In staging Noel Coward’s 1920s comedy, “Fallen Angels,” director Shannon Cochran has shaken it up and mixed a cocktail of ‘20s fun and fashion with a wink of sly gender role reversal.
Remy Bumppo’s new production runs almost two hours but the time will fly as you try to keep up with the antics of Julia (Emjoy Gavino) and Jane (Eliza Stoughton), two English housewives anticipating a reunion with Maurice (Joshua Moaney), the French charmer with whom they both had “very intimate relations” before marriage. (As an aside, I wish Maurice had appeared earlier in the story so I would have had more time to appreciate his suave fashion, language and footwork.)
“Fallen Angels” was considered scandalous when it was first produced. In the 1920s, women certainly would not have had extracurricular affairs, let alone talk about them. When Julia and Jane learn that Maurice will visit London to see both of them, they are giddy with anticipation. They put on their evening gowns and dancing shoes, chill the champagne and wait for Maurice. Unfortunately, while waiting they drink too much champagne, get tipsy, then frolic and finally fight in Julia’s living room. From beginning to end, their activities are served by Saunders, the maid, played with straight-faced impudence by Annabel Armour. Saunders, it seems, has a great deal of experience in most every aspect of life and doesn’t hesitate to explain how life should be managed.
The men in the story all have small roles. Julia’s husband Willy (Jesse Dornan) and Jane’s husband Fred (Fred Geyer) appear early in the first act and in the second act to express indignation upon their wives’ activities. Maurice, of course, makes a brief but spectacular appearance near the end of the second act. Coward was definitely defying theatrical custom by creating two leading lady roles and relegating the male characters to minor players. The character of Saunders was originally a smaller, more typical serving maid, but Coward expanded it to a more prominent role in his 1950 revision of the script.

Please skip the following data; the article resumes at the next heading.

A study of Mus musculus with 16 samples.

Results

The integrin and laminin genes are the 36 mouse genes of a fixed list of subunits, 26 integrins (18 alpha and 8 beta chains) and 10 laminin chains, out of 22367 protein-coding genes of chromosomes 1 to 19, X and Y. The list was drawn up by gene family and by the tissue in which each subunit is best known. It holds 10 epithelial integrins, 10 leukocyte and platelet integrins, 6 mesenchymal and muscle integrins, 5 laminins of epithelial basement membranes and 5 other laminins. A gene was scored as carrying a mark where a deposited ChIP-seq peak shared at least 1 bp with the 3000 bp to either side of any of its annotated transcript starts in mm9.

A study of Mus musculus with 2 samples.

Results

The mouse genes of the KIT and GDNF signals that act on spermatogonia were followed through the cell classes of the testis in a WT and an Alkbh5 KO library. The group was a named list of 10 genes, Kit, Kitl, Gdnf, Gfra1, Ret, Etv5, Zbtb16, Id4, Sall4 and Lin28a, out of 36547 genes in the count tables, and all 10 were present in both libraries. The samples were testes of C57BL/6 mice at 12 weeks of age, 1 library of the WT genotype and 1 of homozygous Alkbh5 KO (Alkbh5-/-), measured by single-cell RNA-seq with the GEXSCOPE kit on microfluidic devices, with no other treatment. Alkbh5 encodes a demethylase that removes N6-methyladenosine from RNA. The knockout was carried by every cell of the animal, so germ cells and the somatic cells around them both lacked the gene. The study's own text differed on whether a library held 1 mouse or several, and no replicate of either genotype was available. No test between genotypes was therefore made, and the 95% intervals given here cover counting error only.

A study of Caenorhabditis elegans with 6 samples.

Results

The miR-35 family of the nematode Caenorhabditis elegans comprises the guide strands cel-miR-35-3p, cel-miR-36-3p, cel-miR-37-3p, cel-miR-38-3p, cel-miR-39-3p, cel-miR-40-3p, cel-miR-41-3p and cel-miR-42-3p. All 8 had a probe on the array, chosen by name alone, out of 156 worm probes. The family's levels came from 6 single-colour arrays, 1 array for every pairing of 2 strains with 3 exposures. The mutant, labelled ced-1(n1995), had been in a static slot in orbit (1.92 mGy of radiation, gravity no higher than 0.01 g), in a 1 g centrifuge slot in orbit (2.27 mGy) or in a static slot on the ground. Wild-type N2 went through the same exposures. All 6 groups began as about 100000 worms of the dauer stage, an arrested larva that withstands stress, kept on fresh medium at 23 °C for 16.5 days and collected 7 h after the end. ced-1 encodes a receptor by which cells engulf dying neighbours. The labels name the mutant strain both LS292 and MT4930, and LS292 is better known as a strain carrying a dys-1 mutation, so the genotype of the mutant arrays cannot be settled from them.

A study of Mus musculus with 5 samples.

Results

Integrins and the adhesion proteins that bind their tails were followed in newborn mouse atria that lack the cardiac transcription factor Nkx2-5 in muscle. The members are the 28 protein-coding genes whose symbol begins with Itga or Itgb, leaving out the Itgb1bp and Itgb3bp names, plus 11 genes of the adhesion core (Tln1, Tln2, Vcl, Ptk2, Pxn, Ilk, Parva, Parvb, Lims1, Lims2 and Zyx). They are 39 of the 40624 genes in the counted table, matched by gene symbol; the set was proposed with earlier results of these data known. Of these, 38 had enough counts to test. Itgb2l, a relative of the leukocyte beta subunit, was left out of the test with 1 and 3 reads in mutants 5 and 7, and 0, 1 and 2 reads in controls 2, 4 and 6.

Cochran’s direction is outstanding. She choreographs Gavino’s and Stoughton’s party with style and comic touches. During dinner, after many glasses of champagne, Julia forks up her whole beef tournedos and chews off a piece. Later, standing on a small riser, both women realize they need to sit down and plop down like rag dolls on the stair. When they fight over a telephone call that might be from Maurice, the two women get tangled in a telephone cord tango. Period music and sound design by Christopher Kriz are a key part of the production and also highlight intermission and pre-show.
As always, Remy Bumppo makes ingenious use of their open-space second-floor mainstage at the Greenhouse Theater Center. Without any of the fly space, raised, lowered or turntable stages that larger theater companies use, Remy Bumppo mounts smartly designed, flexible sets using lighting and props to move the story. For instance, in Fallen Angels, a round ottoman on casters plays a starring role throughout the play. Jeff Bauer’s set design and Andrew Meyers’ lighting accomplish this.
The fashion look of “Fallen Angels” is a solid representation of 1920s male and female couture. The gentlemen’s golfing suits both feature knickers. Willy arrives ready to golf in a loud plaid suit and tam o’shanter. Maurice’s costume is finished off with spats. But it’s the women’s costumes—day and evening dresses for Julia and Jane and bright blue pajamas for Julia—that really sparkle. Janice Pytel gets credit for costume design with important support from Carolyn Cristofani’s gown construction and the work of four stitchers.
Noel Coward is known as the playwright of brittle, witty Roaring Twenties drawing room comedies such as “Blithe Spirit,” “Design for Living,” “Private Lives” and “Hay Fever,” which are part of the regular repertoire for theaters all over the world. “Fallen Angels,” a 1923 play, is not as well known and was considered scandalous and risqué when first produced in 1925 in London and in 1927 in New York. Coward was a multitalented artist—writer, actor, composer and painter—who wrote short stories as well as plays and often starred in his own productions.
This review was originally posted on gapersblock.com.